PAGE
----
Common Visas for Japan and How to Apply for Them

March 20 , 2021 by: Winnie Tan

A lot of us have our own reasons to emigrate, whether it’s in search for better job opportunities, to be together with someone you love, or to just experience living abroad, learning the language and soaking up the culture. A long-term visa is essential for such activities, but applying for one is hardly ever a simple process.

Fortunately, Japan has relaxed its stance on immigration over the years and applying for a long-term is no longer as difficult as it used to be. But before you apply, it’s important to know the types of visas available, and which you may be eligible for. Below is a list of the most common types of visas foreigners have in Japan, along with how you can apply for them.

Visa Types

  1. Student

Studying abroad in Japan is a path a lot of foreigners choose as it’s a great gateway to staying in Japan long term. Being enrolled in a Japanese language school, vocational school, or college in Japan makes you eligible to apply, though financial statements may need to be provided as well.

Student visa holders are also able to work part-time for up to forty hours a week (application required).

  1. Working Visa (Engineer, Specialist in humanities, International services, etc.)

Broadly known as a working visa, a number of occupations are included in this category. The most common is the Engineer /Specialist in humanities /International services visa, which include jobs like English teacher, office worker, designers, and so on. To a slightly lesser degree, there are also Professor, Artist, and Business manager visas. Most foreign professionals living and working in Japan are working visa holders.

This visa type usually requires you to be employed by a company with an office in Japan, so securing a job in Japan is the first step to obtaining this visa. To be eligible, you must either have a university degree, or at least 10 years of professional experience in the relevant fields.

A full list of working visas can be found here:

  1. Specified skilled worker

The Specified skilled worker visa is a recent addition, and is the Japanese government’s way of encouraging more foreign workers to emigrate to Japan. Under this visa, workers are employed by a list of twelve industries that are facing shortages of manpower, such as agriculture, nursing, and service.

Training in a specific industry and lessons in basic Japanese are taken prior to finding employment and moving to Japan.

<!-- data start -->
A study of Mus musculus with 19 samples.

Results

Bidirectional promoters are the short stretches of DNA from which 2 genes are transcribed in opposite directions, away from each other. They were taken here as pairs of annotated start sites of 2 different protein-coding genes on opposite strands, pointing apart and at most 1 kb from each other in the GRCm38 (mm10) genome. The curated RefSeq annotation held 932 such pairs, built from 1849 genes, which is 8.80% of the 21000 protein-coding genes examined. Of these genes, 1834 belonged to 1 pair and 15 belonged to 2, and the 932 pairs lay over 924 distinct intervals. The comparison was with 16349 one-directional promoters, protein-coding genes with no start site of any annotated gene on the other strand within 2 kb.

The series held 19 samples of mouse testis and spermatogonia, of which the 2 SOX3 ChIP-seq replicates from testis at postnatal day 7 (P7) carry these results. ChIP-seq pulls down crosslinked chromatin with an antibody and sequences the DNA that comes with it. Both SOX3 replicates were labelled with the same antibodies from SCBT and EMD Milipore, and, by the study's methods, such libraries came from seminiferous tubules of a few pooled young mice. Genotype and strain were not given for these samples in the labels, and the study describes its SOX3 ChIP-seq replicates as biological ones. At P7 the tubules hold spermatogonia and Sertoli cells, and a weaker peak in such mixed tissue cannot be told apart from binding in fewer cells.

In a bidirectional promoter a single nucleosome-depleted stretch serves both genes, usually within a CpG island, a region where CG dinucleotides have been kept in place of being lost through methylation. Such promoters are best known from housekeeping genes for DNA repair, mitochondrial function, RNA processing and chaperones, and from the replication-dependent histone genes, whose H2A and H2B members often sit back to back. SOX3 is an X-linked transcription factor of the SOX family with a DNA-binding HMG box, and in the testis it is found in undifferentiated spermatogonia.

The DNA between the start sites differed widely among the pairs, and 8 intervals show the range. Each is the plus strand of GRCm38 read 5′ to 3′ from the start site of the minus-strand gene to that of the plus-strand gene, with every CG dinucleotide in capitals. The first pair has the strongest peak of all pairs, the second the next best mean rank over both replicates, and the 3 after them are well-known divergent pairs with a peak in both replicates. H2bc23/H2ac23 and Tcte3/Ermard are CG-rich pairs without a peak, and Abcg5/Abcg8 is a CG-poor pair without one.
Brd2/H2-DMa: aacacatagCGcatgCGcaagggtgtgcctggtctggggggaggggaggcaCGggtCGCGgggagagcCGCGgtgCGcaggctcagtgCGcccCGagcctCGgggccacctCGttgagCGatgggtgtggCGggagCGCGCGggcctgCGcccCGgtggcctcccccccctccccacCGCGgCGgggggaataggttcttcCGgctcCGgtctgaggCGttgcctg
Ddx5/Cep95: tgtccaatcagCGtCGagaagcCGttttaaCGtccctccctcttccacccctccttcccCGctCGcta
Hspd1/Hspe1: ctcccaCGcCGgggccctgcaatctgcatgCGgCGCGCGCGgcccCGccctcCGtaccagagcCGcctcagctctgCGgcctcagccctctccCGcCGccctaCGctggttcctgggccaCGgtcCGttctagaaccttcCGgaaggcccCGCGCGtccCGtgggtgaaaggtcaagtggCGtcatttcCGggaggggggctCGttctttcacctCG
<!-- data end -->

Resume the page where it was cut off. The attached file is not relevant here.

For further information on the twelve industries employing specified skilled workers, see here:

  1. Designated activities (Working holiday, paid internships, etc.)

This visa, valid for a shorter period compared to a normal working visa is can be applied for those who want to do a working holiday in Japan, a short-term paid internship, or activities that don’t fall under the other visa categories.

26 countries participate in Japan’s working holiday program. To check if you are eligible for a working holiday in Japan, see here:

Tokyo by Azlan Baharudin on Unsplash

How to Apply

  1. Find a school or employer

Most long term visas in Japan require the applicant to either be enrolled in school or employed, so figuring out what you want to do and where to do it is a crucial first step.

There are a few important documents you’ll need from the institutions in order to apply for a visa, such as acceptance letters, contracts, proof of employment, and so on. For a working visa, companies may also have to provide tax reports among other official documents.

For specified skill workers, it may be useful to consult with a local organisation in charge, as candidates will have to pass a number of tests in order to be eligible.

  1. Apply and Receive Certificate of Eligibility (COE)

If you’re currently residing outside of Japan, the COE is a must in order for you to apply for a visa and enter Japan. To do this, a form must first be filled out by the applicant ( Documents such as the company’s tax forms, contract of employment, resume, university transcripts, school acceptance letters, photos, and so on may be required. All documents in foreign languages must be translated to Japanese.

Once all the necessary documents are gathered, the school or employer may apply for a COE on the applicant’s behalf at the Immigration Office in Japan.

The application can take several months to process, and once it’s done, a COE will be issued to you.

  1. Take the COE to the Japanese embassy or consulate

When you receive your COE, you must take it to your nearest Japanese embassy or consulate to have it validated. You should also bring your passport along to have your visa issued or stamped on it. This process is relatively quick, and will take between 3 to 5 business days.

  1. Move to Japan

Once you get your passport and visa, you will be able to enter Japan and stay long-term. You will also be issued a residence card or zairyu card (在留カード). This card will have serve as your ID as a foreigner in Japan, and will contain information such as your visa type, country of origin, and a photo of you.

Additional Information

The prospect of living and working in Japan is something a lot of people are excited about, and while the visa application process might be a long and tedious one, but it will certainly be very rewarding! We hope this article helps you with applying for your visa to Japan.